Please note this blog was written pre COVID19, so when visiting these woodlands please follow all social distancing guidelines.
Whatever the weather, a woodland walk is a great activity for the whole family. Get your wellies on in the rain, crunch Autumn leaves, or pack a picnic for the sunnier months.
Taking a walk in the woods is a fantastic way to enjoy the outdoors, get closer to nature and leave behind the hustle and bustle of modern everyday life. We’ve picked out our favourite woodland walks around the UK that are easily accessible by train.
Visit Cambridge to explore the enchanted world of Wandlebury. Amidst the Gog Magog hills of Cambridgeshire lies 110 acres of woodland paths and chalk grassland, waiting to be discovered. As you wander down the winding pathways of the shire’s best kept secret, look out for a 5th century BC iron age ring ditch and the Godolphin Arabian horse grave.
Whatever season you visit, Wandlebury is a year-round spectacle for all ages. Wrap up warm and enjoy the stillness of a frosty winter’s day, or wade ankle deep through flame-coloured leaves during Autumn. In summer, pack a picnic and enjoy the sunshine. The kids will love the den building area and games field (for ball games, frisbees, flying kites and sledging when there's snow). Not to mention 60 hectares of woodland and meadows for running around and exploring.
Adults and seniors will enjoy watching wildlife - spot the herd of Highland Cows, natural lawnmowers that help keep the meadows in good condition for flowers and wildlife. You can take a gentle stroll (or a strenuous hike) before enjoying tea and cake at the pop-up café. Walk up to Ely Viewpoint, to try and spot Ely Cathedral on a clear day.
Getting there: From Cambridge Station, you can walk to the Botanic Gardens bus stop and a 20-minute bus ride will take you to the park.
Hermitage of Braid & Blackford Hill, Edinburgh
This delightful walk combines the wooded nature reserve of the Hermitage of Braid with an ascent of Blackford Hill, giving superb views over Edinburgh.
The Old Hermitage House is a fantastic place to enjoy the great outdoors. As well as woodland, there is scrubland, grassland, and the Braid Burn – all of which house a variety of wildlife. Keep an eye out for green woodpeckers, and if you’re lucky you may see herons, kestrels and kingfishers too. Other attractions include the Ice House and a pump system along the burn which was used to provide running water to the House.
The Hermitage is designated an ancient woodland, as there have been trees on this site for over 300 years. Beech, ash and sycamore trees are common, mainly dating from the early 19th century, but there are some older specimens which have grown over 40 metres tall!
The Hermitage is also home to Blackford Hill, a muddy woodland walk that offers a beautiful 360-degree view over the city skyline, Arthur’s Seat and the Pentland Hills from the top.
Visiting Edinburgh? Check out Edinburgh’s hill walks.
Cardinham Woods, Cornwall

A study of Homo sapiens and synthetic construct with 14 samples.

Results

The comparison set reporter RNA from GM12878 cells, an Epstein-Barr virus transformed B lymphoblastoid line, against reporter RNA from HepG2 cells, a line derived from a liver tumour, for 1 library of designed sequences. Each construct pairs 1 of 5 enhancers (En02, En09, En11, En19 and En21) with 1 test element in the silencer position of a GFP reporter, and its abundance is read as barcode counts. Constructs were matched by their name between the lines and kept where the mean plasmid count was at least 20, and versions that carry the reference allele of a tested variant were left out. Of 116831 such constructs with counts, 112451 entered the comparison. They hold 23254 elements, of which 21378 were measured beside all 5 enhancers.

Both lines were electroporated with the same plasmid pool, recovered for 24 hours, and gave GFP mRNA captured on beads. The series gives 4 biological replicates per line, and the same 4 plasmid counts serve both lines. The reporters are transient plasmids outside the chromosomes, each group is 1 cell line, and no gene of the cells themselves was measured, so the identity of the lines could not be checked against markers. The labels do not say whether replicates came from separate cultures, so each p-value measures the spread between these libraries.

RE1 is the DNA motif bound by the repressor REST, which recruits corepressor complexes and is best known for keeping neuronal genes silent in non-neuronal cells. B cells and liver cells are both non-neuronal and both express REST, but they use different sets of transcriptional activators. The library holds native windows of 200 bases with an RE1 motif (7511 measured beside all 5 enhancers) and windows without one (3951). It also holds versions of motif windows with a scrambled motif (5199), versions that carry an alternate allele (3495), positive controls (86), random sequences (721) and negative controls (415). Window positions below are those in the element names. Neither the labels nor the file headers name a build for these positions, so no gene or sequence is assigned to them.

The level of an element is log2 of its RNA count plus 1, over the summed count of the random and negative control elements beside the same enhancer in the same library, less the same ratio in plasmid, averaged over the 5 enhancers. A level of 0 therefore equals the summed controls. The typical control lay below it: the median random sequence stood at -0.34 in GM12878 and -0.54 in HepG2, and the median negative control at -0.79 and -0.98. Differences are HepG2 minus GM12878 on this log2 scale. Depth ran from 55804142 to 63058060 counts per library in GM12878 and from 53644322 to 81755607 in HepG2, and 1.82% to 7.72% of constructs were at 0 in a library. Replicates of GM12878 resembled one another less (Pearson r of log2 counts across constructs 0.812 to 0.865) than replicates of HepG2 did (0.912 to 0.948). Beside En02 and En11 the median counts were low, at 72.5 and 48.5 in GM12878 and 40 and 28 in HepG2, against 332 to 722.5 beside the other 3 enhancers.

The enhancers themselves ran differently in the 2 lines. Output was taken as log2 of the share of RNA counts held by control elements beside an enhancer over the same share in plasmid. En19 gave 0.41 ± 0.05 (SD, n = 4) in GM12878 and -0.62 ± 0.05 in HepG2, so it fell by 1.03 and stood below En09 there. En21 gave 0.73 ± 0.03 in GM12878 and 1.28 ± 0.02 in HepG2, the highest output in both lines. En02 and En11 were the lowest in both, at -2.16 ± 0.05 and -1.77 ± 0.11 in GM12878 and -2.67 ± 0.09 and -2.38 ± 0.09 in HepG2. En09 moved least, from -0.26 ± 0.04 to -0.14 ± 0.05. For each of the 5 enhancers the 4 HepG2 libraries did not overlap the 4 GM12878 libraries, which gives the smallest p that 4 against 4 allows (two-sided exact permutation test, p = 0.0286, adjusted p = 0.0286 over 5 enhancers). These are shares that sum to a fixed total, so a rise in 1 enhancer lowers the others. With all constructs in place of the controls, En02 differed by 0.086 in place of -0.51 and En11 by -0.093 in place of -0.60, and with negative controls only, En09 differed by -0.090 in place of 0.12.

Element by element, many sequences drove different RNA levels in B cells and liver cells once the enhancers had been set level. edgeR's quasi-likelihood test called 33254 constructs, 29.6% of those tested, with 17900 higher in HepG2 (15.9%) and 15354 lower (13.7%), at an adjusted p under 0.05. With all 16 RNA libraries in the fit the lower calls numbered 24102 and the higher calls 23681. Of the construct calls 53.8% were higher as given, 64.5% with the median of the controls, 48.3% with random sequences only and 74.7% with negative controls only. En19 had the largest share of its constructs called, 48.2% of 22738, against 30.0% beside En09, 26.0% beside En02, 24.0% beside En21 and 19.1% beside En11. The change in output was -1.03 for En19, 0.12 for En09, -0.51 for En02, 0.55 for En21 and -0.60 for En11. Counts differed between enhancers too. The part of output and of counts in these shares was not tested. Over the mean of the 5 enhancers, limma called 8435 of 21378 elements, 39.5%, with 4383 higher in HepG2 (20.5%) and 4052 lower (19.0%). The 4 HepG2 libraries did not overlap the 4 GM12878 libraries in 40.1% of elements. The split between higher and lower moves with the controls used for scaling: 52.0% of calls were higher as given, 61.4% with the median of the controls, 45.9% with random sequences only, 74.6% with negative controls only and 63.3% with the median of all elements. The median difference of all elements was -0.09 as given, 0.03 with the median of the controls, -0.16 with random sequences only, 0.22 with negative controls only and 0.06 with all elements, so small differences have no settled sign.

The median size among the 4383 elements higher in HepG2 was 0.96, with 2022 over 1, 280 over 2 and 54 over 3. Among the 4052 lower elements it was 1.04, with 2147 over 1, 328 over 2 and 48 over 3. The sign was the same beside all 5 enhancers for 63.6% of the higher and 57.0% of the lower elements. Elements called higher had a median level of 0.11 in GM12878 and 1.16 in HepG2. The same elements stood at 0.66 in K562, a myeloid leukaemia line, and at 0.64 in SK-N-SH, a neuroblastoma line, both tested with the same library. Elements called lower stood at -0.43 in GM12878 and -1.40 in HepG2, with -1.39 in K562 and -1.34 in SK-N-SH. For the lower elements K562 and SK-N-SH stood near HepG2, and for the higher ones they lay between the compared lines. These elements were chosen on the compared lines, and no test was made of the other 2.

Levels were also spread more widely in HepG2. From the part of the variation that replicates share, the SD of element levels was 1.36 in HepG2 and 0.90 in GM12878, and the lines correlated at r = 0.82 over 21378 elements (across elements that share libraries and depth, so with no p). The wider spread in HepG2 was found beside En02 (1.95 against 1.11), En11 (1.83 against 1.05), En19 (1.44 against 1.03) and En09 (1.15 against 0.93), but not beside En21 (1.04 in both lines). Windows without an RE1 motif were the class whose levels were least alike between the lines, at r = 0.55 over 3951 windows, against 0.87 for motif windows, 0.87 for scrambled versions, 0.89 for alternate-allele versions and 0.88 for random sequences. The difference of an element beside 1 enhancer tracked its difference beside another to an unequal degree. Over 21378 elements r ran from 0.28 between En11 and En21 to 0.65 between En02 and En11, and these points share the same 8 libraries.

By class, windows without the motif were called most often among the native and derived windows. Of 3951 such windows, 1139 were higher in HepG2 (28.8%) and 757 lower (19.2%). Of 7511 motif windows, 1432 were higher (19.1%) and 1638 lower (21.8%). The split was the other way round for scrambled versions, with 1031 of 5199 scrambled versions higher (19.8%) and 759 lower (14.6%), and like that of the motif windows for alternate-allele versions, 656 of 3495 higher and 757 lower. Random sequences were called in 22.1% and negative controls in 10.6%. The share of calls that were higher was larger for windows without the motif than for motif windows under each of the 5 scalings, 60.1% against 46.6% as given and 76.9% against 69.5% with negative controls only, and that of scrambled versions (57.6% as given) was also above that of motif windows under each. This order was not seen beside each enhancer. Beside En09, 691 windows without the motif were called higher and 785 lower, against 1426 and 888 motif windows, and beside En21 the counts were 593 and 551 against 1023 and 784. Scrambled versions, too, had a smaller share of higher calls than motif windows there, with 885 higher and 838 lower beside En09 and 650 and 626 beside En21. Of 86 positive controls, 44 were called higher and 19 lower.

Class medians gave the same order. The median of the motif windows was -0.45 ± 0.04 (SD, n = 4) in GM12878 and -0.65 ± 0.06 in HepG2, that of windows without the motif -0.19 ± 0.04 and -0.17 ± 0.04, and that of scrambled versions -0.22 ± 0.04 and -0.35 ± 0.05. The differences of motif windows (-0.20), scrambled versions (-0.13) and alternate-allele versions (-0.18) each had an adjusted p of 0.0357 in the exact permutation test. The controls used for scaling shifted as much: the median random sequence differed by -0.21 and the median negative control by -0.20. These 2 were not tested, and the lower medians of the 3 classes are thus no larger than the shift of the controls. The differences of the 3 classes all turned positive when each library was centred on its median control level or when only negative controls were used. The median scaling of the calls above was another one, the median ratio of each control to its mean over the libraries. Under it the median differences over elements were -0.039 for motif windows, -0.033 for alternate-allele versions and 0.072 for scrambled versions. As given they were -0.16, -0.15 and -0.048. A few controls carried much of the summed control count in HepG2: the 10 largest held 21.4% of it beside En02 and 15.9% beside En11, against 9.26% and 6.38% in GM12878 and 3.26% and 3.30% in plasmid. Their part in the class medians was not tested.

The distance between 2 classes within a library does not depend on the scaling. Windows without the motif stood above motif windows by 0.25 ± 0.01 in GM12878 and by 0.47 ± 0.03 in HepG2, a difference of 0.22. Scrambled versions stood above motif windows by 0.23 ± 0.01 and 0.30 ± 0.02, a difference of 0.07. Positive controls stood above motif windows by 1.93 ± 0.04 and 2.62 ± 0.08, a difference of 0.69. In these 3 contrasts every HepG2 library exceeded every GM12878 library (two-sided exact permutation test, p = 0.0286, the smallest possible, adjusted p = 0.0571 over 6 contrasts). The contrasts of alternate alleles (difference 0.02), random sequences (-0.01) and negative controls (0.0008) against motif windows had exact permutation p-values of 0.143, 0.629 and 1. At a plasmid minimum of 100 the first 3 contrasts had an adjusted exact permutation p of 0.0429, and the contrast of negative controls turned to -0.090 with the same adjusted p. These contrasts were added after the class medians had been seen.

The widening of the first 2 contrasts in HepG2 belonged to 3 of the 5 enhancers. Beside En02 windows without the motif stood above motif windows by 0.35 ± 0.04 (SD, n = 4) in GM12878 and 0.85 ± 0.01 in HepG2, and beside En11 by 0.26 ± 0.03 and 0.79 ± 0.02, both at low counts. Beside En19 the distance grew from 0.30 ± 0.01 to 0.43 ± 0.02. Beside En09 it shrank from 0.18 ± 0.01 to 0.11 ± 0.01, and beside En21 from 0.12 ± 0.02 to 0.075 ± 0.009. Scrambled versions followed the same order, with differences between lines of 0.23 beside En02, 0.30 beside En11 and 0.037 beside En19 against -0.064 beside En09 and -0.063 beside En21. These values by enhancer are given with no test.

From adventure and exercise to peaceful strolls and stunning scenery, Cardinham Woods in Cornwall is a wonderful place to explore. Famed for its walking trails, from easy routes to longer walks that include steep valley climbs and fantastic views, this mixed woodland is a great day out for all.
You’ll find mountain bike trails and family-friendly play and picnic areas. Discover stunning viewpoints and evidence of the area’s fascinating history, including remnants of the old mine and traditional clapper bridge.
There are easy short strolls around Lady Vale Bridge, and a slightly more strenuous uphill trek brings you to the old lead and silver mine of Wheal Glynn. The old engine house and chimney can still be seen through the trees.
A day out to Cardinham Woods would not be complete without a pit stop at the Woods Café, renowned for its outstanding Cornish cream tea!
Getting there: From Bodmin Parkway Station in Cornwall, you can hop on the 11a bus directly to Cardinham Woods.
Ecclescall Woods, Sheffield
From twisting tracks, tangled roots and unexplored pathways to leafy tunnels, sparkling streams and waterside wildflowers, Sheffield’s Ecclesall Woods are delightful. They are the largest semi natural woodland in South Yorkshire and are popular due to the wide range of wildlife, plus the archaeological and historic features.
The woods offer miles of great walking trails to try – with over 300 acres to explore you’ll be spoilt for choice. Historic features to look out for include a World War Two bomb crater that was created in December 1940. There is also evidence of saw pits, charcoal heaths and quarrying in these ancient woods, plus a 200-year-old oak tree!
Head to the Woodland Discovery Centre at the Abbey Lane entrance, here you can pick up walking trails to follow. Explore the routes given in guides such as the archaeological walking map or listen to a family-friendly audio adventure.
If you fancy a cuppa and a piece of cake whilst you’re in the woods, head to the Woodland Coffee Stop. All their produce is sourced from small local businesses and the cakes are delicious!
Getting there: If you want a decent walk, the walk to Ecclesall Woods from Sheffield Station is 1 hour and 20 minutes. Alternatively, you can jump on a bus and get there in half an hour.